Autopilot is Here to Stay, Says Musk, as NHTSA Delves Deeper Into Fatal Crash
Tesla CEO Elon Musk has no plans to remove the Autopilot feature from his vehicles, despite demands from safety and consumer groups.
Musk told the Wall Street Journal that lack of education is the problem, not the technology behind the semi-autonomous driving system. The executive’s comments come after the National Highway Traffic Safety Administration delivered a lengthy list of questions to Tesla as part of its investigation into the fatal May 7 crash of a Model S.
Autopilot is continually updated based on user feedback — a practice called “beta testing” that was criticized in this case, as the product is a system that can pilot a vehicle. The system could lead to overconfidence in its abilities, creating a dangerous situation for some drivers.
Musk told the WSJ that he wanted Autopilot in vehicles at an early point in its development, because “we knew we had a system that on balance would save lives.” In the wake of the May crash (which is partially blamed on the Autopilot failing to recognize and react to a transport truck) and a July 1 rollover, Musk plans to better educate owners.
A blog post on Tesla’s website will spell out how to properly operate Autopilot. “A lot of people don’t understand what it is and how you turn it on,” Musk told the WSJ.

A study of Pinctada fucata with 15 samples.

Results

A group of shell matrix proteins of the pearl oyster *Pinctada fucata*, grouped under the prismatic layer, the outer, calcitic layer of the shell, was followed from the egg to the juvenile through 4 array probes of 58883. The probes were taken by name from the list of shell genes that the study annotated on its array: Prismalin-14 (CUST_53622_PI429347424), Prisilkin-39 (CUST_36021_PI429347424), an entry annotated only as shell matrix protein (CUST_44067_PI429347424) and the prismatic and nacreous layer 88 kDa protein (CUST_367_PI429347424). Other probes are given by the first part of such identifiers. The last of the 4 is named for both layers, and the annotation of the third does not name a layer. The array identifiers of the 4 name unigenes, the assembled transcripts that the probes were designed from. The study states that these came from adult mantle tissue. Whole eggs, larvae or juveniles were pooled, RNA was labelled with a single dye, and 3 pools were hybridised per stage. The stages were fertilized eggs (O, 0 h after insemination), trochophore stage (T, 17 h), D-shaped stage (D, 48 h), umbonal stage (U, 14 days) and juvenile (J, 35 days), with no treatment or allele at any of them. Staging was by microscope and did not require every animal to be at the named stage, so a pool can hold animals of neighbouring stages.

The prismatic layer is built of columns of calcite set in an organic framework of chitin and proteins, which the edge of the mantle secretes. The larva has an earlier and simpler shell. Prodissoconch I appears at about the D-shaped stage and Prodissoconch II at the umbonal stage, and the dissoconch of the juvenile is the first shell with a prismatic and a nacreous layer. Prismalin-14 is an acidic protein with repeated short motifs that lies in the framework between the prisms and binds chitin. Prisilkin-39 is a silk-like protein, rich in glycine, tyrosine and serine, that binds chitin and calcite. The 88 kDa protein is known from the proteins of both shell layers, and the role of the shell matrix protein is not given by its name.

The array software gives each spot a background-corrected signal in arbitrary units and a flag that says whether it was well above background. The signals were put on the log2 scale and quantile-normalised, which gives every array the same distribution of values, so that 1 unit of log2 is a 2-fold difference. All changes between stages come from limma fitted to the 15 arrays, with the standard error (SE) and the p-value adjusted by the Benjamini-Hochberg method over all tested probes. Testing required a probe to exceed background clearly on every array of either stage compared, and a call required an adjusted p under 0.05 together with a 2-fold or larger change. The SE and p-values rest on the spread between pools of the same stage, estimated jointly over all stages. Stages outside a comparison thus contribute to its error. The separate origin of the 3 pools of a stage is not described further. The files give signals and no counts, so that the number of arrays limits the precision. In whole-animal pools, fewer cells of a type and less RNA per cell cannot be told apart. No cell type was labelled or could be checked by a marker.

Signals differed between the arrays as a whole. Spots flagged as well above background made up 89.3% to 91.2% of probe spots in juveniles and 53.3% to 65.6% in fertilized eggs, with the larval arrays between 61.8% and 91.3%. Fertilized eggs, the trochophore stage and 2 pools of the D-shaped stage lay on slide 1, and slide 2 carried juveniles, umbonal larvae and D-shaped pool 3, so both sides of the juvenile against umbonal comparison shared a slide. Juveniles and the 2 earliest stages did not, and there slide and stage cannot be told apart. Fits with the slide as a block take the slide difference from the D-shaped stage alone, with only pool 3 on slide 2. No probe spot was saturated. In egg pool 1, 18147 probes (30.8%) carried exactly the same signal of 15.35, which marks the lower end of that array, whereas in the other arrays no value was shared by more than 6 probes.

As Musk talked Autopilot, the National Highway Traffic Safety Administration did the same in a letter to Mathew Schwall, Tesla’s director of field performance engineering. The July 8 letter, acquired by the New York Times, throws a list of data-heavy demands at the automaker as the agency gets serious in its investigation.
Among other things, the NHTSA wants to know of all of the times Autopilot helped a driver avoid a collision via any of its automated functions (Autosteer, automatic emergency braking, and collision warning chime), as well as all of the complaints, suits and other actions by owners who claim Autopilot failed to stop one. It also wants to know of every modification or refinement made to the technology, and an explanation of how the system identified obstacles. Tesla will have to hand over its reconstruction of the fatal crash.
In short, the agency wants the entire operational history of the system in Tesla vehicles, and its development history, too. Depending on the request, the automaker has until July 29 or August 26 to hand over the data.
The national Transportation Safety Board is also investigating the May 7 crash.